ST. CHARLES COUNTY, Mo. – During our years of Pam Hupp investigations, we received an unusual anonymous letter that talked about Hupp. We weren’t the only ones to receive them. One of Russ Faria’s alibi witnesses said he got one. Betsy Faria’s daughters had one mailed to the restaurant where they worked. And a St. Charles County judge received one of particular interest, because it contained claims about Hupp’s finances and the finances of her mother, who died in a mysterious fall.
The following script is from our report on the letters from Sept. 19, 2016.
FOX 2 has received unusual anonymous letters over the years, from people with information defending Pam Hupp.
Hupp faces a first-degree murder charge after prosecutors say she planted a note on her victim while trying to frame someone else.
Two of the letters were addressed to FOX Files investigator Chris Hayes. We also learned of a third anonymous letter that was mailed to the St. Charles County Courthouse. It comes with an attachment with astounding detail.
The envelope of one letter says ATTN: Chris Hayes. It’s typed with the FOX 2 address, cut out and taped to an envelope with no return address.
Inside is a letter that starts “Dear sirs: I think it’s (sic) getting a little silly that you keep accusing someone of killing their parent, when it’s (sic) not true.” The three page letter then makes bizarre personal attacks on Pam Hupp’s relatives, because of a belief someone’s talking. The letter says, “Yyou went to her (a family member’s) house and spoke with her.”
Another letter says, “We don’t think you dug far enough, Chris Hayes.” It attacks Betsy Faria’s daughters, saying they don`t need their dead mother’s $150,000 life insurance proceeds. Those proceeds went to Pam Hupp.
But it`s a third anonymous letter that landed on a Judge’s desk, that could be the most important. It comes with an attachment that could be considered evidence.
Attached is a document that FOX 2 has confirmed with the company is authentic. It’s from Gen-America financial. It says the ‘life insurance’ payout to Pam Hupp after the death of her mother Shirley Neumann was $3,589.02. The anonymous letter called it a “final expense policy (which covers funeral expenses).”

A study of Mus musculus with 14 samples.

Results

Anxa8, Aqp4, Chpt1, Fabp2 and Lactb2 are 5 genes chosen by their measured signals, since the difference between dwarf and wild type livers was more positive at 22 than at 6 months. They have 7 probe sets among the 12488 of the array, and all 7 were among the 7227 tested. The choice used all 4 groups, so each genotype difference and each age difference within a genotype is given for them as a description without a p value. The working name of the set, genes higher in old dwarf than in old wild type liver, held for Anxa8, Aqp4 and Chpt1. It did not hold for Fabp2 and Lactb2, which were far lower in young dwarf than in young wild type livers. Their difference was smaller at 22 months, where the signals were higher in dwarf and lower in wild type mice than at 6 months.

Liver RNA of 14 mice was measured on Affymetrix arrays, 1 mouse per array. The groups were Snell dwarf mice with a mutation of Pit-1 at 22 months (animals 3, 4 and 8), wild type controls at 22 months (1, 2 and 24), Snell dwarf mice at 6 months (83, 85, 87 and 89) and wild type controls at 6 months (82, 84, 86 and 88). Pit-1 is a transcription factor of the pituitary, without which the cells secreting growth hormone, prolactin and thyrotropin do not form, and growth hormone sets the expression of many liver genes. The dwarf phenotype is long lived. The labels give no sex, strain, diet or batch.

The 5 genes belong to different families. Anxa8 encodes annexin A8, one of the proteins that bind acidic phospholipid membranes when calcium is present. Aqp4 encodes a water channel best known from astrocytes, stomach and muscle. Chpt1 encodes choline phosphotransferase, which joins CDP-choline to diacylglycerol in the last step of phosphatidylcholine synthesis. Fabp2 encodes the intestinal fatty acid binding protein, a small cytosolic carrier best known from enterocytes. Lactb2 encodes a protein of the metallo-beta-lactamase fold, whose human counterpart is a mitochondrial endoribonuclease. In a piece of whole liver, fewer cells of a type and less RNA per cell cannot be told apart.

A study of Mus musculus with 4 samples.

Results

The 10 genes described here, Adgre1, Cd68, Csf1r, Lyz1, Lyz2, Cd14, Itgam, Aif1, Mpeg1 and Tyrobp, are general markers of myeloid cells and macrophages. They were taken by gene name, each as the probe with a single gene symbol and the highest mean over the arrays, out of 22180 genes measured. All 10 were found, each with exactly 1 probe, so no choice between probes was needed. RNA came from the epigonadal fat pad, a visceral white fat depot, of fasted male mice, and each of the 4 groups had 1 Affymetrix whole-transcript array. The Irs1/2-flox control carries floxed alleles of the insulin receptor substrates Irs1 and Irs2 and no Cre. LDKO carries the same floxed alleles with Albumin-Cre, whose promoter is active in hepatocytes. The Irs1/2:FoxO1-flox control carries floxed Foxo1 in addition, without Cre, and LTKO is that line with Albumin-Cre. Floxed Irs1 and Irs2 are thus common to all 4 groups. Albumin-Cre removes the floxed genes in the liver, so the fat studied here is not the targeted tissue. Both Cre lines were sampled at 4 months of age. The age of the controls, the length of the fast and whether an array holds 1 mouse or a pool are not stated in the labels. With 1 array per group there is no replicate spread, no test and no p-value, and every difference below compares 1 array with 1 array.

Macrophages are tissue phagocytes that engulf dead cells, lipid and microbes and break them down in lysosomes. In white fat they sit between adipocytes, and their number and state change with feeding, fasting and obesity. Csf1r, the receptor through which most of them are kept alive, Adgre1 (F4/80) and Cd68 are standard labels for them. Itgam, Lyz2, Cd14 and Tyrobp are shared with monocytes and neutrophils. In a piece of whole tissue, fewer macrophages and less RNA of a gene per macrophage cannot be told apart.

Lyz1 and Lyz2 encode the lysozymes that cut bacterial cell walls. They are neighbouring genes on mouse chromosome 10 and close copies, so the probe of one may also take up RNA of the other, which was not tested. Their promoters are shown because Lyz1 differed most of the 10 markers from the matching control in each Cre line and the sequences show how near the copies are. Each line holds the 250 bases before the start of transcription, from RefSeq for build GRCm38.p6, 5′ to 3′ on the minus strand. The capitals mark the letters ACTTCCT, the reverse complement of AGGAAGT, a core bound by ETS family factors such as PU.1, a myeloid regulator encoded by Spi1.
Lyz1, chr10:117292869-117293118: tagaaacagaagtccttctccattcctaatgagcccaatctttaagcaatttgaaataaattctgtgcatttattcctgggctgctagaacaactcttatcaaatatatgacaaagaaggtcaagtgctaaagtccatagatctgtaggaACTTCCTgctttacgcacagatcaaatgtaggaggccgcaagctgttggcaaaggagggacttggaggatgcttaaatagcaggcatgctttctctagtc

The letter, filed November 25, 2014, also acknowledged “Yes, she (Pam Hupp) did say her mother was worth a half million dollars.”
You’ll remember hearing Hupp say it while talking to a Lincoln County investigator. Hupp said at the time, “If I wanted money, my mom’s worth a half a million that I get when she dies.”
That was in 2013 when Lincoln County was looking into possible motives for Betsy Faria’s murder.
The third letter also makes an argument that Pam Hupp needs Betsy Faria’s life insurance money more than Betsy’s daughters.
A year later when Hupp was fighting to keep Betsy’s life insurance money, she told the Lincoln County prosecutor her mom was out of money. Hupp told prosecutor Leah Askey in 2015, “We had sold her house, her car and everything she owned and put her in a home.”
Defense attorney Joel Schwartz said he repeatedly warned Lincoln County authorities that Hupp was only telling them what would help her. He said, “It was clear Pam Hupp needed the money. She would say what was more convenient for her, at the time. Specifically she said $150,000 was nothing in her world, that it didn’t mean much, which certainly was untrue.”
Schwartz says he always thought it was a lie when Hupp told the Lincoln County Sergeant she’d soon get half a million from her mother. He added, “I’ve never believed that her mother had the money she claimed she had.”
I followed up, “What makes you think she did have money problems?”
Schwartz answered, “She had no life insurance. She had no health insurance, which would fly in the face of the things she said under oath about $150,000 not being any money to her.”